Yates
Russell Yates: "We didn't see her as a danger."  


HOUSTON, Texas (CNN) -- Andrea Yates' husband lashed out at the justice system Friday, accusing prosecutors of vicimizing his wife after her mental illness was not properly diagnosed or treated.

Yates was sentenced to life in prison Friday for drowning her five children, and prosecutors said justice was served by that outcome. But her husband, Russell Yates, said most of his family "were offended that she was even prosecuted."

"Obviously, it could be worse if she'd been given the death penalty, but it wouldn't have been that much worse," Yates said after the jury that convicted his wife of capital murder voted against sentencing her to death.

Yates also was bitter about how the medical and insurance system handled the treatment of his wife's mental illness. Yates said his wife's doctor and the hospital where he took his wife for treatment "miserably failed us."

Once Andrea Yates was released by the hospital, her husband said, there was little he could have done to stop his wife from acting on her delusions.



"Let the doctor treat you," he said. "Don't let some caseworker at some insurance company decide your treatment. He added that as someone with no medical training, he didn't know what psychosis was or how to recogize it.

Russell Yates said the sentencing freed him from a gag order that kept him from defending himself, his family and his wife from public misconceptions. He said he and his mother had taken over almost all responsibility for the care of the children, and he never saw any sign that Andrea would hurt them.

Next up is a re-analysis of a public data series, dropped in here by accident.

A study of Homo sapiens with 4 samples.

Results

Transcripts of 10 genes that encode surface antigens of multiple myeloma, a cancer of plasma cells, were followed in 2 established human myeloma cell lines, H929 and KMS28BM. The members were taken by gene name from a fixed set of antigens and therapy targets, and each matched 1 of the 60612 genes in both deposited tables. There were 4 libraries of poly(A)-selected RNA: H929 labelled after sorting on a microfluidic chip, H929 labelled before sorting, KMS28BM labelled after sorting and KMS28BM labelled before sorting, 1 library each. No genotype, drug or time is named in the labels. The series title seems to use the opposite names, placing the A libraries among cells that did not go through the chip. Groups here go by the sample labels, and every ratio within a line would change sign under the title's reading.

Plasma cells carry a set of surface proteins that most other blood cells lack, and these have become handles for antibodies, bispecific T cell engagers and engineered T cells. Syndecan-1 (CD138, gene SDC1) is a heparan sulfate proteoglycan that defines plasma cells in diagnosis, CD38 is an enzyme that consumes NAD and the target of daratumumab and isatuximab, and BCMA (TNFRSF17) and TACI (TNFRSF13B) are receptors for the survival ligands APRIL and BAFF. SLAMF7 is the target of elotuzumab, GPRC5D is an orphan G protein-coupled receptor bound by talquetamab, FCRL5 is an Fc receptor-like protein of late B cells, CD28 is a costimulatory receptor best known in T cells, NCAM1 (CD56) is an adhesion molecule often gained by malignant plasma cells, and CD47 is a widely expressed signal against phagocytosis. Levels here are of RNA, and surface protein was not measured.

"We didn't see her as a danger," said Yates. "The real question to me is: How could she have been so ill and the medical community not diagnose her, not treat her, and obviously not protect our family from her?"

Yates said he would always support Andrea, but it bothers him that she did not warn him about her thoughts about killing their children.

"If she had said anything about that, we may have decided not to have any more children," he said.

When his wife was first hospitalized after a suicide attempt in 1999, it took doctors several weeks to devise an effective treatment.

Only after his wife's treatment with the anti-psychotic agent Haldol proved "miraculous," he said, did they decide to have a fifth child -- confident that if her post-partum depression were to return, "we could nip it in the bud by recognizing the symptoms early, getting treatment early."

He added, "If they had given her the same medications, left her in the hospital until she was well, any number of things in her medical treatment, this never would have happened."

Yates said he still supports and believes in his wife. If he thought his wife had been sane when she killed their children, "I'd be the first in line to help the jury."

Immediately after the sentence was returned, Yates visited his wife -- who was heavily medicated throughout the trial -- in jail and said she was in "pretty good spirits." Yates said that, when he prays, he talks to his children.

"I will ask them to pray for Andrea. They loved their mommy. I know they don't hold this against her," he said. "They know that she was sick, and they know that she loved them."

The couple discussed "making the most of the time we have left," he said. "She may be able to help some inmates in prison."

Yates, who recently attended his 20th high school reunion, compared his current stage in life with how it was when he graduated -- "Just, I know more now."

The NASA engineer said his work no longer seems significant to him, and said he may train to work in another field.

"I think if I did anything else, I would want to help people directly," he said.